I'm drowning in too-much stuff! Time for me to embrace the latest trend: "Minimalism".
Lately, everyone seems to be adjusting their lifestyles so as to whittle away the superfluous, cut the excess, and remove the distractions taking over our hearts, heads, and homes.
It's not just the material things at fault; it's also the stresses found in typical daily life, including the noise of too much information and the staggering digital overload. By keeping the essentials only, say proponents of minimalism, we find ourselves in a physical and emotional state that is free of all that overwhelms, and that freedom adds value to our lives, relationships, and experiences.
Sounds like a great idea - I'm ready!
1. Digital Minimalism: Short term pain for long term gain
Digital communication tools, including email, social media, and the web in general, can be held to the same minimalism philosophy. Therefore, I'm going to start with my computer, by reducing the digital clutter so that it doesn't take up as much of my time, attention, and hard drive space. Optimizing those tools to only what really matters, while clearing away the "noise", can make a world of difference.
Organizing my electronic life will cause a bit of short term pain, but should result in some long term gain. Yes, that means spending an entire evening or two scanning, and then shredding, documents for the sake of a paper-free countertop. And devoting a series of Saturdays to finally organizing all the family photographs into dated folders in the cloud.
I've already addressed my overflowing email; I enjoy receiving email marketing pieces from companies whose product or service I support, I just don't want a cluttered inbox. Therefore, in the spirit of reducing overwhelm while still leveraging the usefulness of email, I've worked on setting up filters for promotional emails so I can reference them only when I need them. An email offering me a reduced rate on a vacation hotel is useless to me at 10:30 am on a Tuesday workday. But that same email coupon can be the start of a whole new travel adventure when I refer back to it on a weekend!
Once all that is done - it will be so much easier to find everything, and one less burden to deal with.
2. Social Media: an 80/20 exercise in minimalism
We know that oldie-but-goodie 80/20 rule: doing less, but doing it with greater focus. Sounds like minimalism, doesn't it? In the context of digital space, it means there should be less attention spent on low-value online activities in order to make more time for those higher-value ones.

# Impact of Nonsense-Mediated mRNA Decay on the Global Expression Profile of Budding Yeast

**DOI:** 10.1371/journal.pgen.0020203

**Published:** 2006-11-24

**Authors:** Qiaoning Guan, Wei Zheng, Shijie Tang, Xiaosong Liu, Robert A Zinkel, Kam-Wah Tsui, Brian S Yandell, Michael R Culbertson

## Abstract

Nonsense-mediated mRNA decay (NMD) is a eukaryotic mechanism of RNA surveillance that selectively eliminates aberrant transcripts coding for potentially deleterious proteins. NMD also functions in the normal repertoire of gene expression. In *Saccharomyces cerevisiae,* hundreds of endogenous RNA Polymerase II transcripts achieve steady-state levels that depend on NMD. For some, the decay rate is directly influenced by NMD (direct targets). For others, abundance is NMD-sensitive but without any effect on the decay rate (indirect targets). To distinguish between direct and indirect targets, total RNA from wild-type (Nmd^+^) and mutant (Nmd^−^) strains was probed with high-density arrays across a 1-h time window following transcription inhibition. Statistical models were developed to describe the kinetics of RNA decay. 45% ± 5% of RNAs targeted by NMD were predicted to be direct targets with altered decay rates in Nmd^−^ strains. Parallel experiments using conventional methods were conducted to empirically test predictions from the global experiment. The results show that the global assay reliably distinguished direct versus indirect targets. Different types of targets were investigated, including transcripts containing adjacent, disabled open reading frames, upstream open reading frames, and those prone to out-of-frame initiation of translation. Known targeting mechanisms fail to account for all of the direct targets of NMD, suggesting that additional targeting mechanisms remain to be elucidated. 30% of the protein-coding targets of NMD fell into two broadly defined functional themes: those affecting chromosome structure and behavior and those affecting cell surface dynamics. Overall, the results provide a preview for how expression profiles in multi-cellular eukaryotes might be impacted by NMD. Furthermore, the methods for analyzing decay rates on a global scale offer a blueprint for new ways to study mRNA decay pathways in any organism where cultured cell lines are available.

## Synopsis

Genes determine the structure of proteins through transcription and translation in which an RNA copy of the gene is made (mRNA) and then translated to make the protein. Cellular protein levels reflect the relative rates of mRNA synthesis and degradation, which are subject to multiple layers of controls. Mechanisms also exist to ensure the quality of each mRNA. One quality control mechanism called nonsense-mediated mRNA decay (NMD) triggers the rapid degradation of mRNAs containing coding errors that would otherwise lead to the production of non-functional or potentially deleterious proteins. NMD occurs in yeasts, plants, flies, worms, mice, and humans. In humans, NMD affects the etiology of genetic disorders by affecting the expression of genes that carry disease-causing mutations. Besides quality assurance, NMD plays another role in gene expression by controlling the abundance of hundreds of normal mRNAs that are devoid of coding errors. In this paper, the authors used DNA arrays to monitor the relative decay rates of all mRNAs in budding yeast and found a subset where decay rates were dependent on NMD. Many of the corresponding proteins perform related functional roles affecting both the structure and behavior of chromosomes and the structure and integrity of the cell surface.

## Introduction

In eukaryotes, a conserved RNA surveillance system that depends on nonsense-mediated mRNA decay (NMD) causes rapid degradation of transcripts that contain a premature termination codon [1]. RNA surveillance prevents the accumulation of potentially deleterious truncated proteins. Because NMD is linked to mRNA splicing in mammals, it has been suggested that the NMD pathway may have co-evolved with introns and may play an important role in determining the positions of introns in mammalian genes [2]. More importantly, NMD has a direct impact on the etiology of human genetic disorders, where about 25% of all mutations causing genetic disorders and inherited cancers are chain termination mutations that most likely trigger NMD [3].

When it comes to social media, I am pretty sure I'm spreading myself too thin. I wonder - am I hampering my minimalism efforts by spending my social media time unwisely? I'm scrolling through my Facebook feed on my phone to find out what my friends are up to - or what world events are causing controversy (NOW what did he do?). I glance at Twitter every so often for a giggle (amazing how funny people can be in 140 characters). And I'm peeking at Instagram to keep tabs on my kids (oh, so that's where he's at!). I get updates from my professional network on LinkedIn, and I don't even pretend to understand SnapChat!
Clearly, I'm due to cut out the superfluous with my social media. For some of us, it seems like Social Media can itself be a source of the noise that minimalism tries to circumvent.
The solution to creating a digital space of true value, versus one of time-wasting distraction, often depends on striking the right balance. Less? More? Perhaps less is more: a focus on a few social networks only, but at a greater depth. Are you feeling the same challenges when trying to determine where, when, and how you should spend your precious online time to best reach your audiences? The social media experts at Cyan Solutions can help guide you through the clutter.
3. Question the Status Quo: Is this really working?
Minimalism is about enriching your life. It's about keeping things in order so there is more room for joy. It's also about knowing what's working, and what isn't. Being more deliberate and focusing only on the valuable - it's not so hard, but it does take some fortitude to question the status quo. The way things are now doesn't mean they always have to be that way. The whole idea of minimalism is about changing your outlook. If something isn't working, ditch it or fix it so it is no longer taking up physical, financial, or emotional space.
Now that I've started to approach my digital life with that perspective in mind, I feel empowered and motivated to look at the other aspects of my life that way - from my spending, to my calendar, to my hobbies, and yes, even to my work. I'm excited about clearing away the noise and distraction, so I can focus on what truly matters.
Prompted to start on your own path to digital minimalism, but unsure where to start? Whether it is with your email marketing, or your social media marketing plan, you can start your minimalism journey in a small way, like I did - and take just one step towards improvement. An easy first step? Contact us.